The reality is one dollar spent on the private health insurance rebate is more efficient than another dollar spent on the public health system, according to Evaluate principal Alastair Furnival.
Mr Furnival spoke to HealthDispatch following the recent launch of Evaluate's report that found one dollar spent by government on the private health insurance rebate is up to 15 per cent more efficient than a dollar directed at the public health system.
According to the study commissioned by Private Healthcare Australia, government spending on the rebate is economically efficient, in terms of both direct economic costs and overall welfare gains.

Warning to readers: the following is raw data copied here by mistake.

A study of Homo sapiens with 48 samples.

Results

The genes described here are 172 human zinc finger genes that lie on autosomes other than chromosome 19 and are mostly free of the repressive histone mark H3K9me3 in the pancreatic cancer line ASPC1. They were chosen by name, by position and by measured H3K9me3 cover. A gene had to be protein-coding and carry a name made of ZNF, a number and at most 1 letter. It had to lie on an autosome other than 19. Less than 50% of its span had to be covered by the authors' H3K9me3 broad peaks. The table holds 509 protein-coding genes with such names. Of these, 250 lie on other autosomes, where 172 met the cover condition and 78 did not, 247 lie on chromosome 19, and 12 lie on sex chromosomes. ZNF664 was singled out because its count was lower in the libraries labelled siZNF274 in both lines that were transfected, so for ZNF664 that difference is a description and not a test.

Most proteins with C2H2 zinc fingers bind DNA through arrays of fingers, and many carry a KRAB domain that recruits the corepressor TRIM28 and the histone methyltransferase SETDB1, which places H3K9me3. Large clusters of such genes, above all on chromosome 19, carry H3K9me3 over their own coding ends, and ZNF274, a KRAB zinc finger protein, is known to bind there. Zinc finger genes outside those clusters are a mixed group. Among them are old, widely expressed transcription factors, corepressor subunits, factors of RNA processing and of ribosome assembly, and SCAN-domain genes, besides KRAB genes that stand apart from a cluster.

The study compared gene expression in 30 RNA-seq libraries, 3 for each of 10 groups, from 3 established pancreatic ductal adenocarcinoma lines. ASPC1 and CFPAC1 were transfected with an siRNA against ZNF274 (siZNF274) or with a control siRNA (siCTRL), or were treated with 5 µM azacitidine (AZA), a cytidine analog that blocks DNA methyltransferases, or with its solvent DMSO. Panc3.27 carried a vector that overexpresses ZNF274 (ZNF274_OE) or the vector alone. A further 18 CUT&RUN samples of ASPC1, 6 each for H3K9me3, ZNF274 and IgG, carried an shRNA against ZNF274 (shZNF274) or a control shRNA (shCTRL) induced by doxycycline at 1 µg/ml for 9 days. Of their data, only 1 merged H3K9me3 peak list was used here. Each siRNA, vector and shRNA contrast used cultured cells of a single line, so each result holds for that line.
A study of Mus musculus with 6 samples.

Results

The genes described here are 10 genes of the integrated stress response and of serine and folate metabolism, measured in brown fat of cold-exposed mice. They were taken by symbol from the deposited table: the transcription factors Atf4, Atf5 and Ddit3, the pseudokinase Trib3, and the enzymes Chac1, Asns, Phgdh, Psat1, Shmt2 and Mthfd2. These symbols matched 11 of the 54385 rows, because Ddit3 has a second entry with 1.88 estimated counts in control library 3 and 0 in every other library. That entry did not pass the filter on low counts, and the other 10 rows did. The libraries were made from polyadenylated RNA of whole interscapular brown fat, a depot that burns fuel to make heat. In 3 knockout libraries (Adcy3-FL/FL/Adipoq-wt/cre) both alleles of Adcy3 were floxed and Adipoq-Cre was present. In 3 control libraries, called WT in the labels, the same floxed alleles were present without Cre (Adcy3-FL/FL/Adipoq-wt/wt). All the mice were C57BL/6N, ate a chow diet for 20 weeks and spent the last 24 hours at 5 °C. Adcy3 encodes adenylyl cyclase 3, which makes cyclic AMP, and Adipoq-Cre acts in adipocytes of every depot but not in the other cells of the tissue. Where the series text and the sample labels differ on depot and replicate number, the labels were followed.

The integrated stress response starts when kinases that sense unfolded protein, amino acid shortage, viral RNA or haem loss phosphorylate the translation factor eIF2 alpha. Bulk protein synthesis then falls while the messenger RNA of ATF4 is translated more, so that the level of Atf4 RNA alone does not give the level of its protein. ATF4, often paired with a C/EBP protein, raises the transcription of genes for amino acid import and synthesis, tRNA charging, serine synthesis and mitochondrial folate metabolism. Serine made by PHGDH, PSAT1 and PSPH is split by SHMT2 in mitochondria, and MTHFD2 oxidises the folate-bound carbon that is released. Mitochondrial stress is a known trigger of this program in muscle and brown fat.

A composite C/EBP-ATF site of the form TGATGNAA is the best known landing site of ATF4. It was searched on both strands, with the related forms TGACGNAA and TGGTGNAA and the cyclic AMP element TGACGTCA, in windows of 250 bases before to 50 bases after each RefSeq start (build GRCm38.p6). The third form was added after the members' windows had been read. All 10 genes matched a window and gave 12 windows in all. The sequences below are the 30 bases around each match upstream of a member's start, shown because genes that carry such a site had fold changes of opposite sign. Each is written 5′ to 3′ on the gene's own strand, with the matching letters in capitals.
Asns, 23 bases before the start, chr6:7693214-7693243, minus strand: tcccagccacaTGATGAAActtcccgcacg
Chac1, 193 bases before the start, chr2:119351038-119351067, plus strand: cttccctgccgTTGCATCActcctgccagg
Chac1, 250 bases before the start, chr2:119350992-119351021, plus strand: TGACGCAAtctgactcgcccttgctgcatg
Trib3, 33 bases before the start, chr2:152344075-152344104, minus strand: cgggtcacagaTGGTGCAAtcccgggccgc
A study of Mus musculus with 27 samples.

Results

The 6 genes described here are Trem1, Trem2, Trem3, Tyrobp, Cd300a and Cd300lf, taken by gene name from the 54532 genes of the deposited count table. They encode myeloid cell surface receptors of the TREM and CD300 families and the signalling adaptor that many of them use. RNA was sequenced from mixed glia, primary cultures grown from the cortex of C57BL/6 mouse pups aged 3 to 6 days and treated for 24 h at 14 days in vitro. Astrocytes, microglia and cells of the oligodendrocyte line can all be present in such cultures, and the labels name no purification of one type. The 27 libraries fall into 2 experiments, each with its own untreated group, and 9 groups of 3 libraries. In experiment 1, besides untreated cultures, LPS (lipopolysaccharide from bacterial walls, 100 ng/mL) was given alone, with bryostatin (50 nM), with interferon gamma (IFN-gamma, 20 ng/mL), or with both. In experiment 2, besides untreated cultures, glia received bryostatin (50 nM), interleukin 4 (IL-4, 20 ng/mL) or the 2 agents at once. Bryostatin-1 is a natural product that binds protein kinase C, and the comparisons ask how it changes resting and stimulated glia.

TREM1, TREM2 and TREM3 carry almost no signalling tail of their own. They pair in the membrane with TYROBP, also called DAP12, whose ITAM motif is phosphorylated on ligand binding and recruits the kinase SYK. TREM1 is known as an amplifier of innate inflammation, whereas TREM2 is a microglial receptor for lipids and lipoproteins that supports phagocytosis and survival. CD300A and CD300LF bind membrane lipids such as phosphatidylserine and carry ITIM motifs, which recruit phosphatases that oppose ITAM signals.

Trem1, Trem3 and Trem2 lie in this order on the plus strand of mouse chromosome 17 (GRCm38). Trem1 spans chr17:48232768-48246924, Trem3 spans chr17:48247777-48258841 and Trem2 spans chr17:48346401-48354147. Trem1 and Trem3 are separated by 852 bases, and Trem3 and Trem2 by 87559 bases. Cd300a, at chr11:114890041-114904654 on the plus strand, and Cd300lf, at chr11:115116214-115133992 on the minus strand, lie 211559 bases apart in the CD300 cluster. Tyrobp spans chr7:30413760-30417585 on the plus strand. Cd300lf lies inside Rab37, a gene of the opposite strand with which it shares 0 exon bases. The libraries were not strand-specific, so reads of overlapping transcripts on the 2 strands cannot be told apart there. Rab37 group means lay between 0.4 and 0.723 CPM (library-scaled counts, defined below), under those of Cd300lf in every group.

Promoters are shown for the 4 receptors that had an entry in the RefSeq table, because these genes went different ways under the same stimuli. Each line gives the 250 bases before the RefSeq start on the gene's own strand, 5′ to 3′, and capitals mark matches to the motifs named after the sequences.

Mr Furnival said the argument spending on the rebate would be better directed at other parts of the health system is not supported by the analysis.
"It's a highly economically and fiscally efficient thing to do," he said in relation to the rebate, adding it contributes to the "effective mix" between the public and private health systems.
"The dollar spent on the rebate means that private health insurance is more affordable...sometimes people look at this and say there are a lot of people in private health insurance who don't need the rebate because they will stay in it anyway...that's really what means testing did. It is geared to getting people who maybe are a bit on the cusp, or who need a little bit of help to get insurance, to get into that system."
In relation to the ongoing debate on whether the rebate reduces pressure on the public hospital system, Mr Furnival said the evidence is clear in that it keeps people in the private system and off waiting lists, and "this is where there is the greatest gain for everyone."